Kitsap blacksmith creates lasting art in pursuit of tranquility

Silverdale couple, local blacksmith tell the story of “Continuation of Peace”

Standing sentinel atop a grassy hill in Silverdale overlooking Hood Canal is a forged steel sculpture, some 12 feet tall.

Upon close examination, one need not be an expert to recognize the handiwork of a blacksmith through the imperfections in the steel’s surface, as applied by the countless hammer strikes against heated metal in shaping something raw and lifeless into a piece of art, whose story will live on well beyond the lifetime of its creators.

Betsy and Mickey Hall look to one another across their living room when asked to retell the story of how the sculpture at the top of their driveway, titled “Continuation of Peace,” came to be.

“I’ll tell the story,” Betsy said. “We had this wonderful piece of art that was part of a staircase and we decided that it just couldn’t be thrown out.

“It really was, in our opinion, a work of art.”

Finding themselves unable to part with the original piece constructed by blacksmith Jerry Culberson in 1998, the Halls began to search for the right blacksmith to rework the railing into something new.

“The item did have a special meaning to us,” Mickey said. “Betsy had worked with Jerry’s wife — we went up there to the Old Cedar Forge shop and took a look at his whole operation. He came out, looked at the setting, came up with a design, we modified it a bit and he finished it. It was a railing that is quite gorgeous.”

In her search for a worthy candidate to take on the task of breathing new life into Culberson’s railing, Betsy began consulting with other artisans. Before long, she connected with Elijah Burnett and the Burnett Forge in Poulsbo.

For those who have come to know and recognize the differences between commercially manufactured metalwork and the intensely specialized, and yet ancient, trade of the modern-day blacksmith, Elijah Burnett’s handiwork that appears throughout Kitsap County is difficult to overlook.

While Burnett was not one of the two blacksmiths who originally assisted Culberson in constructing the Halls’ railing, a connection between him and the piece still remained.

At one time, Culberson served as Burnett’s master, patiently shaping the young blacksmith’s skills, knowledge and technique much in the way Burnett had learned to shape and mold the hot steel of his forge.

“Back in 1999 was when I started my apprenticeship with Jerry Culberson of Old Cedar Forge,” Burnett recalled. “That’s where I started my journey in this craft of blacksmithing. Through the craft, I became an artist.”

After learning of Burnett’s connection to Culberson, and without any input in the piece’s final design, the Halls offered the railing to Burnett so he could build their sculpture.

“We were not asked, nor gave any input into what we received back,” Betsy said. “I liked not having that control, and that’s not something I say very easily.”

Burnett says the piece sat in his shop for “probably too long” while he considered the possibilities in how to re-envision his former master’s work. Paying close attention to the troubled times globally and nationally, with the COVID-19 pandemic, nationwide riots and more personally, his own father falling ill, Burnett says the form of a bird began to take shape in his mind.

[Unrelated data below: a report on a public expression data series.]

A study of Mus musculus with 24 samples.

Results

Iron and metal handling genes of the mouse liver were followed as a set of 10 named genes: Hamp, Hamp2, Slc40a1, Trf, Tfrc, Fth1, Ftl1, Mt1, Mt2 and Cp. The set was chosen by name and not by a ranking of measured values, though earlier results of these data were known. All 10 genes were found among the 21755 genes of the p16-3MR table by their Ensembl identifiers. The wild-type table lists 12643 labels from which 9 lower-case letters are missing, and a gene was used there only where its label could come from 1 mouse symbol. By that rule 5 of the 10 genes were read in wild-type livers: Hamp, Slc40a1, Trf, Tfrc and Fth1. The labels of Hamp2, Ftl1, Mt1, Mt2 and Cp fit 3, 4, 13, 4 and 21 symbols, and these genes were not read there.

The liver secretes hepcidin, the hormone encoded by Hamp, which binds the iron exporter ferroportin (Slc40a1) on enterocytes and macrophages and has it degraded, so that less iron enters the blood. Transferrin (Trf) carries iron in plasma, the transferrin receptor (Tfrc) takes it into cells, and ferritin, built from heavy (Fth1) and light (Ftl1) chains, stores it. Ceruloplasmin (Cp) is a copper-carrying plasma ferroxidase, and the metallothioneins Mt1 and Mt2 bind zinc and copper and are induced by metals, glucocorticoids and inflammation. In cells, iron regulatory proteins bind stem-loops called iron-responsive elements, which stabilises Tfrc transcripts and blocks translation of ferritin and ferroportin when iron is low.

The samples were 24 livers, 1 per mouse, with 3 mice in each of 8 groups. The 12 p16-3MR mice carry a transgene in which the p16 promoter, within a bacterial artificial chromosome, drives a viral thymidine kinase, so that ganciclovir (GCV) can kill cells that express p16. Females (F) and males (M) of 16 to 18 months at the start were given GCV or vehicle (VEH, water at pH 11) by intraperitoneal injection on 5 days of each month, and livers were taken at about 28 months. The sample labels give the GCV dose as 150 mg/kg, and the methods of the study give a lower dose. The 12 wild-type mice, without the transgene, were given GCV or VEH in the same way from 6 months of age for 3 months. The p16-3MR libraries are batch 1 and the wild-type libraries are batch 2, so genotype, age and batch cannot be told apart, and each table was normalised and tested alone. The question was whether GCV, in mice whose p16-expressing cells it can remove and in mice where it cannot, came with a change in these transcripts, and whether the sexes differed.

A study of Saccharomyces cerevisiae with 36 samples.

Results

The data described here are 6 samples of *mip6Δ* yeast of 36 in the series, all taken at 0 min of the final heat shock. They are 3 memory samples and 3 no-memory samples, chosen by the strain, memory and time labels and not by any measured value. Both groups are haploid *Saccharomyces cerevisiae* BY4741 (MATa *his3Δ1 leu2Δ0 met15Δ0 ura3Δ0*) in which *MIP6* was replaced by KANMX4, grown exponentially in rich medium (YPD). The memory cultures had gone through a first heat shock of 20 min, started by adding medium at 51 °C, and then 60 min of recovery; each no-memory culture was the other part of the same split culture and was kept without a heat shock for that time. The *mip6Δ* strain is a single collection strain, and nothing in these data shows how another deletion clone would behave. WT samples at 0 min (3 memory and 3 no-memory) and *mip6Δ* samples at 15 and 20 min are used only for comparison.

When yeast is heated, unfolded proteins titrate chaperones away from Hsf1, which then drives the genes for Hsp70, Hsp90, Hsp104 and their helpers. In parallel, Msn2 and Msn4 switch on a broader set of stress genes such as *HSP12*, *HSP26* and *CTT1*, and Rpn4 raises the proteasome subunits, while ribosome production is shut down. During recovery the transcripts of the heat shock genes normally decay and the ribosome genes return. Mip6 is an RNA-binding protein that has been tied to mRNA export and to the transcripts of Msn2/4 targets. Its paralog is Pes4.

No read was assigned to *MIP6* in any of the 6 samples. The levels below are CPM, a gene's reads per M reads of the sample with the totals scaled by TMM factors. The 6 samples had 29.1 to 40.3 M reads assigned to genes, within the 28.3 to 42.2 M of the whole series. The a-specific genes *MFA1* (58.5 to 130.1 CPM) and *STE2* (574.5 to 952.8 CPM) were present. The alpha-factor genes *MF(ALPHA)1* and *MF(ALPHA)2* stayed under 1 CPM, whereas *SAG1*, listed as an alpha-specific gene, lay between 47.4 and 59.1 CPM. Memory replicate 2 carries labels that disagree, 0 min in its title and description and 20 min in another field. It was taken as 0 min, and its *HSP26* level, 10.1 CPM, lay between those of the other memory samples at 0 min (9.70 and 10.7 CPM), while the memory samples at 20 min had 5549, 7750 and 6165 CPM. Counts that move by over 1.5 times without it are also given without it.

“There was a lot of stress in people’s lives, a lot of hard feelings that were going on in the world,” Burnett said. “But I was at peace; I am always at peace when I am creating and doing my work. I got to thinking about my journey in the craft and my education under Jerry, and the good times we had together.”

Burnett recalled hearing of the hardships Culberson faced over the years, including those endured during six tours of duty in the Vietnam War.

“A lot of hard times in his life, but what I got to see firsthand is the peace that he had in doing what he did for a living, in blacksmithing, in creating,” Burnett said. “He passed that on to me; we got to enjoy that peace together.

In contrast to the turmoil that has engulfed the world this year, he said, “I almost felt guilty about the peace that I was having during my creative process,” he added. “I kept seeing this bird in the design. I kept seeing what Jerry had created in his masterful eye, and I went with it.”

In describing the forms present in “Continuation of Peace” Burnett said he visualized the bird, held in a contained space, rising slowly upward, then finally breaking free of its confines and escaping skyward. At the base of the sculpture rests a scroll, with the words, “Continuation of Peace,” stamped above it. Below the scroll rests another section of wording stamped into the steel: “Old Cedar Forge, 1998.”

“I like the idea of the simplicity of it,” Betsy said of Burnett’s work. “That feels right for that piece of steel.”

“For me, it’s about the journey from captivity to freedom,” Mickey said. “I think the more we get to know Elijah and the story, the more important the piece becomes to us.”

Burnett seems as intentional in his choice of words as he was in the creation of his artwork, sometimes pausing for a moment to collect a thought before continuing:

“We’re all striving to raise ourselves to a point of peace,” he said. “We struggle like a bird trying to fly but are enclosed in the constraints of our life. But in the end, one way or another, we find peace.

“For the lucky ones like myself, we get to experience peace during our lives.”